By Mia Birkes
Those interested in hockey may recall last season’s LGBTQ controversies. Throughout the season, as teams held Pride Nights, sported specialty Pride jerseys and wrapped sticks in Pride Tape brand rainbow tape, a handful of players protested on account of personal and religious objections, beginning with Ivan Provorov. As a result, some teams (New York Rangers, Minnesota Wild, Chicago Blackhawks) stepped back from requiring specialty jerseys to be worn during themed nights. In a tweet in March 2023, openly gay hockey player Luke Prokop, who is currently the only player in the league to come out, says this was a “step back for inclusion.” The NHL continues to donate and support various LGBTQ charities and organizations, but this ban revokes public displays of support and moves the organization’s support largely out of the public eye.
That step backwards took a major leap in the wrong direction in June 2023, which the National Hockey League announced that specialty jerseys and other items, such as stick tape, would not be allowed in warmups, games, or practices. According to ESPN’s Greg Wyshynski, the specialty jersey ban includes not only Pride Night, but also “Hockey Fights Cancer and jerseys commemorating Black and Latino heritage months and military appreciation.”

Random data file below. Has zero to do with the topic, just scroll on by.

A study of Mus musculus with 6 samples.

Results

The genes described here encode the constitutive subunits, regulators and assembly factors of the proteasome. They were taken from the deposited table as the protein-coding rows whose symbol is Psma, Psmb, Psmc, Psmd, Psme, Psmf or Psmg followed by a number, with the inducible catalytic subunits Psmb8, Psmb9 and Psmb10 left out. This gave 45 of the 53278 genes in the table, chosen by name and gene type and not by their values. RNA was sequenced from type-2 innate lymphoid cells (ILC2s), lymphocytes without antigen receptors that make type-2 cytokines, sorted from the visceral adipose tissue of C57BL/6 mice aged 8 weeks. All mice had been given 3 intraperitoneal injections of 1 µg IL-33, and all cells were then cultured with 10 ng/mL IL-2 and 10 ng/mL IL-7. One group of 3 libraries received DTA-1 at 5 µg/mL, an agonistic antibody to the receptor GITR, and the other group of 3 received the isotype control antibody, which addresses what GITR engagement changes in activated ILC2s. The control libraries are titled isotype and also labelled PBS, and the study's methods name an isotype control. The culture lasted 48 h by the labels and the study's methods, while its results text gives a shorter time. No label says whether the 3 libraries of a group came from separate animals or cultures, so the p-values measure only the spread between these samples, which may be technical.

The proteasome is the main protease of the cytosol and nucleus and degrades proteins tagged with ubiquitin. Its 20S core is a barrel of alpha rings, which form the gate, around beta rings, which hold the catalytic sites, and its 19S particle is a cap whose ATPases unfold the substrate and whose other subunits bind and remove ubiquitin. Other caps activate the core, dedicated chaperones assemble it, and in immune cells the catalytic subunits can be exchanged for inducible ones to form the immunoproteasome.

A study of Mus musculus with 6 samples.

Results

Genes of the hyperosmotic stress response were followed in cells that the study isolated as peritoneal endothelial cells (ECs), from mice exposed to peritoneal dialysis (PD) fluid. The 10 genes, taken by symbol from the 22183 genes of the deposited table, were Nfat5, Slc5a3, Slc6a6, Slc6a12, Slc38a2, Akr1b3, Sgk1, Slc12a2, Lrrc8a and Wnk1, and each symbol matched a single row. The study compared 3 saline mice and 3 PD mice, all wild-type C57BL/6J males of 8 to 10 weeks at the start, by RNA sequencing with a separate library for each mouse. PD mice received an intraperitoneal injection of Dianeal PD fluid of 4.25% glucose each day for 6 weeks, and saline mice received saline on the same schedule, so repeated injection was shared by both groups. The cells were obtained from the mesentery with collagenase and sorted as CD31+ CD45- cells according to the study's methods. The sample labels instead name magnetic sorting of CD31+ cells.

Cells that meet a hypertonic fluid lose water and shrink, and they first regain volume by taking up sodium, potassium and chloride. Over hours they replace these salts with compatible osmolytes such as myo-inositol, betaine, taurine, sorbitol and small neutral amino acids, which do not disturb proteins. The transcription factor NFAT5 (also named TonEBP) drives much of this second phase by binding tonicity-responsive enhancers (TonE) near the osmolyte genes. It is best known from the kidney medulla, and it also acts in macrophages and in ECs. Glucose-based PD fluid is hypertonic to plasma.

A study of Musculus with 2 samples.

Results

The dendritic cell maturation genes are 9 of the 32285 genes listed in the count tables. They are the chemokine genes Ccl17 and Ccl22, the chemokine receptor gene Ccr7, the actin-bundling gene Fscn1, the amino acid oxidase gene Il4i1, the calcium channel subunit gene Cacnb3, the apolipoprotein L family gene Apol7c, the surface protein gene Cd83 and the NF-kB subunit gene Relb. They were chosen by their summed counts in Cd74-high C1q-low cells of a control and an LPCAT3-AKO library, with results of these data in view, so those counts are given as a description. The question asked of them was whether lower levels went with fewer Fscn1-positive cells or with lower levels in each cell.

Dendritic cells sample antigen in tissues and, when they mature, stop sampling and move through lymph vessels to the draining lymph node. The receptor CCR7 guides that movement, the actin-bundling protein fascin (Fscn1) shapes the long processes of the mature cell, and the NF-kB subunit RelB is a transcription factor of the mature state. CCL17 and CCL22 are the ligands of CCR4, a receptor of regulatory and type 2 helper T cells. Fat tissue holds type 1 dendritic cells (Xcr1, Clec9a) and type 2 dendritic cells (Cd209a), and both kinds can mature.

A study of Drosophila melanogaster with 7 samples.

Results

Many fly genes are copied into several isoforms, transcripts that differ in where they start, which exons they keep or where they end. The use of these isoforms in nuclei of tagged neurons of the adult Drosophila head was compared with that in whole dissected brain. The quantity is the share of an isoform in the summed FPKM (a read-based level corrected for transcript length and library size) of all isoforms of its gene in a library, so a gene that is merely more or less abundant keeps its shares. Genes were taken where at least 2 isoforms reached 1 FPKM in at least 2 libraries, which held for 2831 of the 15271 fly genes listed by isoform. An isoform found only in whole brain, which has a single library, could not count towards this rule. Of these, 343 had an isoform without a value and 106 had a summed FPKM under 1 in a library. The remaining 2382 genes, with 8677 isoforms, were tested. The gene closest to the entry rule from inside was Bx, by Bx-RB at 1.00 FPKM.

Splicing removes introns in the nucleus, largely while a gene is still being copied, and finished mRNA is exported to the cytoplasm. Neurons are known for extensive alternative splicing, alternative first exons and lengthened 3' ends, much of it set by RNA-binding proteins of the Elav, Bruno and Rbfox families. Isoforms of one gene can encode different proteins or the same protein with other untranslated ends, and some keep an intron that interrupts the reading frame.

A memo was distributed to teams early in October, reminding players of the ban and noting that it extends to specialty tapes. Philadelphia Flyers player Scott Laughton said earlier this month, “You’ll probably see me with the Pride Tape on,” according to PHLY. “I didn’t really read what it said…If they want to say something, they can.”
This nonchalant “come and take it” attitude is shared by several players in the NHL, including Arizona Coyotes’ defenseman Travis Dermott. Dermott became the first player to use Pride Tape following the ban during the season opener versus the Anaheim Ducks, which the Coyotes won 2-1. Dermott has been an avid and vocal supporter of the LGBTQ community, even when he played for the Toronto Maple Leafs some seasons ago. In a 2021 interview with ESPN, Dermott said, “I like to step forward and in the future take part in supporting them more vigorously,” in reference to family members part of the LGBTQ community. Neither Dermott nor the Coyotes have received any news of the NHL pursuing punishment for violating the new rule.
The Arizona Coyotes will be the first team to host a Pride Night this season on Oct. 27, when they play the Los Angeles Kings. Hopefully as the season unfolds over the next few months, more players follow Dermott and sport Pride Tape on their sticks or wear pride-affiliated stickers and ribbons on their uniforms. As of Oct. 24, the NHL has reversed the ban and will allow players to sport specialty tape for social causes, per the NHL X account!